Why This Stock Could Heat up Over the Next Few Days
Huntsman has surprised in each of the past four quarters, even when peers failed to deliver. There are reasons to believe it can do an encore on Feb.12.
What’s holding back growth?
Huntsman’s revenue and profits have hardly grown over the past few quarters. The strikingly flattish graph indicates how hard the company is finding growth to come by. Naturally, when four out of five businesses struggle to stand against global slowdown, you can’t expect much.
Huntsman’s pigments business can take most of the blame. Destocking in the titanium dioxide (TiO2) market messed up the demand-supply balance, hitting every TiO2 player hard enough to knock their top and bottom lines down. What started several quarters ago still persists, a fact DuPont (NYSE: DD) confirmed recently. The largest TiO2 producer’s sales from the performance chemicals business slumped 15% on significantly low prices and volumes in this past quarter. DuPont expects even lower sequential sales for the first quarter, and doesn’t see a turnaround until the second half of 2013. Accordingly, it slashed its forecast margins further, expecting it to fall by a high single-digit percentage for the full year.
You might hear the same story from Huntsman next week. If its third-quarter TiO2 sales volumes slumped 30% year-on-year, the fourth quarter could be no different. You can safely expect another blow of about $350 per ton to its TiO2 margins in the fourth quarter as input costs remain firm. Tronox (NYSE: TROX), the ‘complete’ TiO2 player that not only makes the pigment but also the raw materials that go into its production, had to put up with a 45% higher cost of goods sold in its third quarter. Coupled with flattish sales, its gross profit plunged a massive 85%.
Likewise, while sales fell 14% for the other TiO2 specialist, Kronos Worldwide (NYSE: KRO) in its last quarter, a big jump in costs resulted in a 59% lower gross profit. For the full year, it expects to shell out at least 50% more on costs compared to last year. The double blow of soft demand and rising costs will prevail for some time. Tronox expects costs to remain high this year as well, and like DuPont, doesn’t see demand picking up before the middle of the year. We’ll know better when it suits up with numbers on Feb. 18. Before then, Huntsman will have already told us where the TiO2 market is headed.
Only, and interestingly, despite persistent weakness in the pigments business, Huntsman expects to end 2012 with record operating earnings. Before you jump, here’s what you need to know.
Huntsman uses a non-GAAP metric called EBITDA, i.e., earnings before interest, tax, depreciation, and amortization, to measure its operating performance. More specifically, it is aiming at record adjusted EBITDA this year. Now what’s that? Adjusted EBITDA excludes charges such as those pertaining to restructuring, debt extinguishment, acquisitions, legal settlements, etc. Nothing wrong with that, you may say. Well, in Huntsman’s case, such charges matter more than you think.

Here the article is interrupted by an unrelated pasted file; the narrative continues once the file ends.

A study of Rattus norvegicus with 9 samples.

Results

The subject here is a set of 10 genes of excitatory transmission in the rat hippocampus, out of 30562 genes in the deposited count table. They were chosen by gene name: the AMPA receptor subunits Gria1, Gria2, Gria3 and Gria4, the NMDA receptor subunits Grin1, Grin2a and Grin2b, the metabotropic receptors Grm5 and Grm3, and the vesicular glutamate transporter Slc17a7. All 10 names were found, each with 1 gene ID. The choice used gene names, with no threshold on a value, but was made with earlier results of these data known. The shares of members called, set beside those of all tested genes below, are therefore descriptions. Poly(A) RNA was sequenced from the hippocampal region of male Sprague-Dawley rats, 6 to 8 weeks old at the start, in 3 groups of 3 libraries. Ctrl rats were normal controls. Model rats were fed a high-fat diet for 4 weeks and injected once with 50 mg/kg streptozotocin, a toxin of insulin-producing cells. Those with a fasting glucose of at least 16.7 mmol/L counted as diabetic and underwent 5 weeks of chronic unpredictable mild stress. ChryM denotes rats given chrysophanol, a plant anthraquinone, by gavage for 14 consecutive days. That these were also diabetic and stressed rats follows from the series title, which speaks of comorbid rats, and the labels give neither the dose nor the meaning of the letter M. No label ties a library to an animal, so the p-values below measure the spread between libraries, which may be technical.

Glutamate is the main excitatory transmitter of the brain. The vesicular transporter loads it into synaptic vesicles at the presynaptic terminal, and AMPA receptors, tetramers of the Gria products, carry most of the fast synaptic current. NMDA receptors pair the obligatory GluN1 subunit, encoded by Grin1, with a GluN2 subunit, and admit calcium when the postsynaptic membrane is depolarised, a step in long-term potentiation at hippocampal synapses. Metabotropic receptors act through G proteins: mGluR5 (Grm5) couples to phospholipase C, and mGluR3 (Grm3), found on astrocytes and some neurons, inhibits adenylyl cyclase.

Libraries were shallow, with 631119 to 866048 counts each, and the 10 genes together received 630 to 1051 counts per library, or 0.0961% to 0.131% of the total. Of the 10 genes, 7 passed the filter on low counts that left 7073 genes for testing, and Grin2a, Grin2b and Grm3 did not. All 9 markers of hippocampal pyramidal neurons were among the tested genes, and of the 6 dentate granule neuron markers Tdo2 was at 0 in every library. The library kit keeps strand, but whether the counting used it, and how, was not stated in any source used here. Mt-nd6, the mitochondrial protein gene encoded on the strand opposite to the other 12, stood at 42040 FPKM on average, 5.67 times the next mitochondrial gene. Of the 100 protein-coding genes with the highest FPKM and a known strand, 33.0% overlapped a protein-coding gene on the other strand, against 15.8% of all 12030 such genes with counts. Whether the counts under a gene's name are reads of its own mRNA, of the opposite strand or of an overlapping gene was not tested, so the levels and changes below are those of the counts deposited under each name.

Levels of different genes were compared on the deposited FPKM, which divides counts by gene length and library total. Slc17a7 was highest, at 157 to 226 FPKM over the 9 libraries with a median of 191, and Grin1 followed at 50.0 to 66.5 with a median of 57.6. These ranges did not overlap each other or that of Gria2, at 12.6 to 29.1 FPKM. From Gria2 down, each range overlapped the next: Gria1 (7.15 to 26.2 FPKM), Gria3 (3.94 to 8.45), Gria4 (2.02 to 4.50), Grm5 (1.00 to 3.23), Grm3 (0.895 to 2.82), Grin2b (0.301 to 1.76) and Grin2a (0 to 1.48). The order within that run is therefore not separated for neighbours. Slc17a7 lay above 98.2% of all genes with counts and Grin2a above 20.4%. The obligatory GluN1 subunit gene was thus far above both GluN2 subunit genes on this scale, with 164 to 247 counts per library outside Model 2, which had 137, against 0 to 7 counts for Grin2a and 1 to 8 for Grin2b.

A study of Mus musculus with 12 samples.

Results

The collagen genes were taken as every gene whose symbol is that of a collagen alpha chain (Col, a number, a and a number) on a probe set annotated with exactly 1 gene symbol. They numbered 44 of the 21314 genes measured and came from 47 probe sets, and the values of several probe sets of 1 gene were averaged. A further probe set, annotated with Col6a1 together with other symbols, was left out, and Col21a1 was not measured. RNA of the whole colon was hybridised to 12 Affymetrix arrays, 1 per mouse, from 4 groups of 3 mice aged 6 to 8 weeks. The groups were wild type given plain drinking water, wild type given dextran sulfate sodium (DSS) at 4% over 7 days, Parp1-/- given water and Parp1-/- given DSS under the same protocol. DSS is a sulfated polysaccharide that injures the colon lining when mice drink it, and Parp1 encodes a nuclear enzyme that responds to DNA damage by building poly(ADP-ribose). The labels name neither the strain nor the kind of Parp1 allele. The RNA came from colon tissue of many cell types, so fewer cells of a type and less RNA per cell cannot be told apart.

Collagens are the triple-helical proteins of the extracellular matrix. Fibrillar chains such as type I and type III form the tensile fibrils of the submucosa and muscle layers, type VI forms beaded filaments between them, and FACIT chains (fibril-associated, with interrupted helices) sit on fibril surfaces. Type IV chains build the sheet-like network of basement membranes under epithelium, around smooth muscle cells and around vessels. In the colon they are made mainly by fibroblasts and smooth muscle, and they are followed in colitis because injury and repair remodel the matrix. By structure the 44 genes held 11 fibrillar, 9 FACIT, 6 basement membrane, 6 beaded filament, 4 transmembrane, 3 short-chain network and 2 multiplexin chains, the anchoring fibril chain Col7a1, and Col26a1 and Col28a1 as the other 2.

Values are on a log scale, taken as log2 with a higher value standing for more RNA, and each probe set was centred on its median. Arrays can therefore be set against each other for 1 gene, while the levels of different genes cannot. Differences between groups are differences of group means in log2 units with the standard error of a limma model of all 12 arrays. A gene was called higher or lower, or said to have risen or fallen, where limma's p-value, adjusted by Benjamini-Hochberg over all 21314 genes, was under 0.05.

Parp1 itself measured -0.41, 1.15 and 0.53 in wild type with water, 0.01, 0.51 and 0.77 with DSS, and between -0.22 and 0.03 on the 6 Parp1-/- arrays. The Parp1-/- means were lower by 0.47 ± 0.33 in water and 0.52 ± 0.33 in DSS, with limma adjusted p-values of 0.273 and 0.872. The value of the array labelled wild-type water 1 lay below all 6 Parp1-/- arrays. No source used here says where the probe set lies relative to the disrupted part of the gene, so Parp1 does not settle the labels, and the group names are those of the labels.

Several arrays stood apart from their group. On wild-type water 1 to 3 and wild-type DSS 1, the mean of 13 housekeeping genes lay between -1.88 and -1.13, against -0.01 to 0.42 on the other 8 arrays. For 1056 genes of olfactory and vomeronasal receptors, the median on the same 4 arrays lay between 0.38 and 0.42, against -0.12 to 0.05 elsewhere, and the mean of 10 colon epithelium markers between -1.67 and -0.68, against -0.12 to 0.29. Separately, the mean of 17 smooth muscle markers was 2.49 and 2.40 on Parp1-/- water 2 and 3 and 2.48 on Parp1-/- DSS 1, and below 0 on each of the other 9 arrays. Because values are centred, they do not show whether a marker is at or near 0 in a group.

One of Huntsman’s priorities over the past few quarters has been to turn around two of its ailing businesses – textile effects and advanced materials. Actions included shifting of operations from one country to another. So one can imagine how much the restructuring must have cost. As an example, in the third quarter of 2011, Huntsman’s EBITDA stood at $204 million, but restructuring and impairment costs amounted to $155 million. Adding the two, together with other charges, meant the company reported adjusted EBITDA of $346 million, which looked pretty decent. So if next week's headlines shout out Huntsman’s record earnings, you know what to make of it.
However, the good news is that such costs have diminished as the shake-up program nears its end. Both businesses showed some signs of life in the third quarter, and the fourth hopefully should confirm it. Though real savings from the entire restructuring move is still months away.
In top form
So is Huntsman’s fourth quarter numbers headed for disaster? All but one business could help the company save face – polyurethanes, which also happen to be its largest division. Key product methylene diphenyl diisocyanate (MDI) continues to demand higher selling prices as companies try to offset high input costs. Dow Chemical (NYSE: DOW) confirmed the strength in propylene costs when it released numbers some days back, mentioning how it increased by $0.15 in January and is expected to rise further. Yet, double-digit volume gains helped Dow maintain margins. The same should help Huntsman in its fourth quarter.
Dow is even ready to raise product prices further, and expects an uptick in demand from critical markets this year. Given that Huntsman is a bigger player than Dow in terms of MDI capacity -- Huntsman enjoys 18% market share compared to Dow’s 12% -- what it has to say next week will be critical for investors of both companies.
That Huntsman gets a good chunk of revenue from Europe shouldn't deter investors as most of it comes from MDI, which thankfully, is a profit churning product. Analysts expect the company to report 5% lower sales and an 18% fall in EPS from last year. That may not sound good, but Huntsman knows how to prove analysts wrong. A beat would be enough to bump its shares up again to its 52-week peak. Where the journey leads to will depend on its outlook and growth plans. Stay tuned as I tell you why Huntsman could still be worth your money. Click here to add Huntsman to your personalized stock watchlist.
Neha Chamaria has no position in any stocks mentioned. The Motley Fool has no position in any of the stocks mentioned. Try any of our Foolish newsletter services free for 30 days. We Fools may not all hold the same opinions, but we all believe that considering a diverse range of insights makes us better investors. The Motley Fool has a disclosure policy.